A pet cat has been infected with coronavirus in the first known case of its kind in the UK.
The Covid-19 virus was detected in the animal last Wednesday following tests by the Animal and Plant Health Agency (APHA) in Weybridge, Surrey.
The cat and its owners – who live in England but are being kept anonymous – have made a full recovery.
It is the first confirmed case of an animal infection with the coronavirus strain in the UK, after a small number of others in Europe, North America and Asia.
The government said there was no evidence to suggest the animal transmitted the disease to its owners.
Instead a government spokesman said: “All available evidence suggests that the cat contracted the coronavirus from its owners who had previously tested positive for COVID-19.
“The cat and its owners have since made a full recovery and there was no transmission to other animals or people in the household.”
A private vet initially diagnosed the cat with the feline herpes virus after its owners noticed it was poorly.
However, the sample was then tested for SARS-CoV-2 – the virus that causes Covid-19 – as part of a research programme.
Follow-up samples confirmed the cat was also co-infected with SARS-CoV2.
Downing Street said the cat had “nasal discharge and some shortness of breath” that prompted its owners to go to the vet.
The cat was in England but no more details have been revealed.
No10 said the case followed animal infections in nations including France, Netherlands, Spain, Italy, Germany, Denmark, the US, China, and Hong Kong.
The Prime Minister’s official spokesman said: “There is no evidence that pets or other domestic animals directly transmit the virus to people.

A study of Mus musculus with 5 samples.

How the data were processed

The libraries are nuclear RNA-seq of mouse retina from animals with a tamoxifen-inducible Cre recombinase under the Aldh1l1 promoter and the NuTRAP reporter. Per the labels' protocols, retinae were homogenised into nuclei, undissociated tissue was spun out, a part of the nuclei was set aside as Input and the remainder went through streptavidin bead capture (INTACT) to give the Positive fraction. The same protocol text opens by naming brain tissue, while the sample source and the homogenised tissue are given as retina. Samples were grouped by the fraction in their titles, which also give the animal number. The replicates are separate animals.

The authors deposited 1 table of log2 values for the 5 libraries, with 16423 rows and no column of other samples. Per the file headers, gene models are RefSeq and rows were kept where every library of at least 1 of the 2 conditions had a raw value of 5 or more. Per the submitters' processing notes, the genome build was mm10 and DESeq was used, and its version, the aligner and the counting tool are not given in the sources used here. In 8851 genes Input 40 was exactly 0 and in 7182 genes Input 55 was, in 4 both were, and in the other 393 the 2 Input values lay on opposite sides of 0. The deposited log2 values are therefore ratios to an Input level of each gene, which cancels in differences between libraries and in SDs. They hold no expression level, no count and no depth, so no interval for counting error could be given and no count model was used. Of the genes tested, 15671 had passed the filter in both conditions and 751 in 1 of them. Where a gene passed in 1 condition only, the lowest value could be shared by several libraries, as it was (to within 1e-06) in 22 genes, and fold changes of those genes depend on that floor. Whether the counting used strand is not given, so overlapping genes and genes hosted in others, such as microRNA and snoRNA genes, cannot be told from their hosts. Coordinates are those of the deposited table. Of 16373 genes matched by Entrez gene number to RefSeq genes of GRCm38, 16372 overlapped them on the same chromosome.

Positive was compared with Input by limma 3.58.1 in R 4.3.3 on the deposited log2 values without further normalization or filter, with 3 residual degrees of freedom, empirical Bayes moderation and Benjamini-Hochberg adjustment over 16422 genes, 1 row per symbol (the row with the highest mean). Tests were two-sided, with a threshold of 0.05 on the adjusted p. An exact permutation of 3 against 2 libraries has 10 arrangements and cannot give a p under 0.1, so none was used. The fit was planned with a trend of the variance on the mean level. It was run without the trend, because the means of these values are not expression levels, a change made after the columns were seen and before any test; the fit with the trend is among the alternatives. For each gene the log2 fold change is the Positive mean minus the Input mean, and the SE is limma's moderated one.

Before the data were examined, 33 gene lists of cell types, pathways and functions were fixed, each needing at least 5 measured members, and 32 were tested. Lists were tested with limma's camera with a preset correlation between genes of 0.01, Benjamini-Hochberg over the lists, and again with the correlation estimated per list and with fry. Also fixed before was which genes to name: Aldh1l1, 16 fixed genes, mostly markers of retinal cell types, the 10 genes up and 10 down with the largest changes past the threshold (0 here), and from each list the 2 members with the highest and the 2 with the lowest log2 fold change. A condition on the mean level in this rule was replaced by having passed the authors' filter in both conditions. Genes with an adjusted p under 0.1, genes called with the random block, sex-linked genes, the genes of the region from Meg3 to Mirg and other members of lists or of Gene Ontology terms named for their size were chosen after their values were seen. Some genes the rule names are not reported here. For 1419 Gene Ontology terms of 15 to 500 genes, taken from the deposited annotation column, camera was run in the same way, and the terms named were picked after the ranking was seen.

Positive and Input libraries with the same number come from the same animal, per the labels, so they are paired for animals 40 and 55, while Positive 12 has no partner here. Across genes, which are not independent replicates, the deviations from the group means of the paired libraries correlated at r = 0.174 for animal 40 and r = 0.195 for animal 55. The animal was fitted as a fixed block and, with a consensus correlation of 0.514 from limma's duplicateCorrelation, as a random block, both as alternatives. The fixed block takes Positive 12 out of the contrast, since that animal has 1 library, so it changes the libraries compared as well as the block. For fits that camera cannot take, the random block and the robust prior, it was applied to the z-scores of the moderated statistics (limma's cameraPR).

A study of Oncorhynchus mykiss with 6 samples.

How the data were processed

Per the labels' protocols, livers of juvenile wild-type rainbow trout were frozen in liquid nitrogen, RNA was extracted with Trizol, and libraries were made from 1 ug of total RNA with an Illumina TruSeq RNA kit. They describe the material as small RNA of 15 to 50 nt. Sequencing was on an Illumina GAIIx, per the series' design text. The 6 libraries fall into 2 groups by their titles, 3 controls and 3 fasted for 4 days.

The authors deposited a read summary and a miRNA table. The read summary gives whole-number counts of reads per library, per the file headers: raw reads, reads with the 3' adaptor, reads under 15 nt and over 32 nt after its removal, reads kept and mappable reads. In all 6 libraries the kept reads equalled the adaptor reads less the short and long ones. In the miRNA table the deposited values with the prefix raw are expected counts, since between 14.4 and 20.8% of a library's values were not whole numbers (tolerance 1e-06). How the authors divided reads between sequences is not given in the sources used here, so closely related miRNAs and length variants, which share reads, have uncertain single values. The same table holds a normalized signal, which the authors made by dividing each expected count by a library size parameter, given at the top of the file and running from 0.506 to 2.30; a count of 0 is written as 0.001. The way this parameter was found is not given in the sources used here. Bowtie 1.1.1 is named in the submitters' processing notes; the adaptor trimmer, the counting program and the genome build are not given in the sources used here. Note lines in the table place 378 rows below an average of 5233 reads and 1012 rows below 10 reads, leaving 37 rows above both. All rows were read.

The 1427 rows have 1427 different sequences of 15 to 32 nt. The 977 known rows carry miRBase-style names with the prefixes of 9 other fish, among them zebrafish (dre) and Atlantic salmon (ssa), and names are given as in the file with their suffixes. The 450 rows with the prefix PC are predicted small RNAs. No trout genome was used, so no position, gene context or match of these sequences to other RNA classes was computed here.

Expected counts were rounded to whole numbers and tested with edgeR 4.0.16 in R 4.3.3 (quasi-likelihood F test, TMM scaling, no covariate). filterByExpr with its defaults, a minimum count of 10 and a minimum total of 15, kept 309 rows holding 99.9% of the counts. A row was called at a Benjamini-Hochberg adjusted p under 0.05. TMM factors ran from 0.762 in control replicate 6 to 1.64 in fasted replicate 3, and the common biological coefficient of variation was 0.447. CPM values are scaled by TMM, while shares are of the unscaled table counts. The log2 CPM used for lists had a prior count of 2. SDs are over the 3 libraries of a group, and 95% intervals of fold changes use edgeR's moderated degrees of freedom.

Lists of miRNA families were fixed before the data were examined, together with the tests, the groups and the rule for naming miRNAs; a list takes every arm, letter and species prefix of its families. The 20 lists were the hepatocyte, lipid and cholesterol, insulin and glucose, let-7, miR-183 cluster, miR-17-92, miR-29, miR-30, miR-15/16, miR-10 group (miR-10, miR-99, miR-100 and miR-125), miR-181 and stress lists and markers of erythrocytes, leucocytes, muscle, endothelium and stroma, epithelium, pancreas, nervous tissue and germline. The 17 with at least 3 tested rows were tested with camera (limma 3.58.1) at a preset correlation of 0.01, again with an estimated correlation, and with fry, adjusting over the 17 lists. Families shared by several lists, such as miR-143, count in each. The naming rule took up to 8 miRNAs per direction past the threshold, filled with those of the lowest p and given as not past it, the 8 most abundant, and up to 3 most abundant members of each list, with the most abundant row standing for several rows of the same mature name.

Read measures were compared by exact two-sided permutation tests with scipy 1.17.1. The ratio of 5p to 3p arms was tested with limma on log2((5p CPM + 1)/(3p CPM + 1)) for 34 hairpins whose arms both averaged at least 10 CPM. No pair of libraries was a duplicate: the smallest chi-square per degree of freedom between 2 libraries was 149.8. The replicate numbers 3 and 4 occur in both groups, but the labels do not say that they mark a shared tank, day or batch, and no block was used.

“All of the available evidence in this case suggests the cat contracted this from its owners, who had themselves previously tested positive for Covid-19.”
He added: “If your pet is unwell, you should keep it indoors until such time as it’s recovered. If you’re sufficiently concerned you can of course take your pet to the vet.”
Chief Veterinary Officer Christine Middlemiss said: “This is a very rare event with infected animals detected to date only showing mild clinical signs and recovering within in a few days.
“There is no evidence to suggest that pets directly transmit the virus to humans.
“We will continue to monitor this situation closely and will update our guidance to pet owners should the situation change.”
Yvonne Doyle, Medical Director at Public Health England, said: “This is the first case of a domestic cat testing positive for COVID-19 in the UK but should not be a cause for alarm.
“The investigation into this case suggest that the infection was spread from humans to animal, and not the other way round.
“At this time, there is no evidence that pets can transmit the disease to humans.
“In line with the general advice on fighting coronavirus, you should wash your hands regularly, including before and after contact with animals.”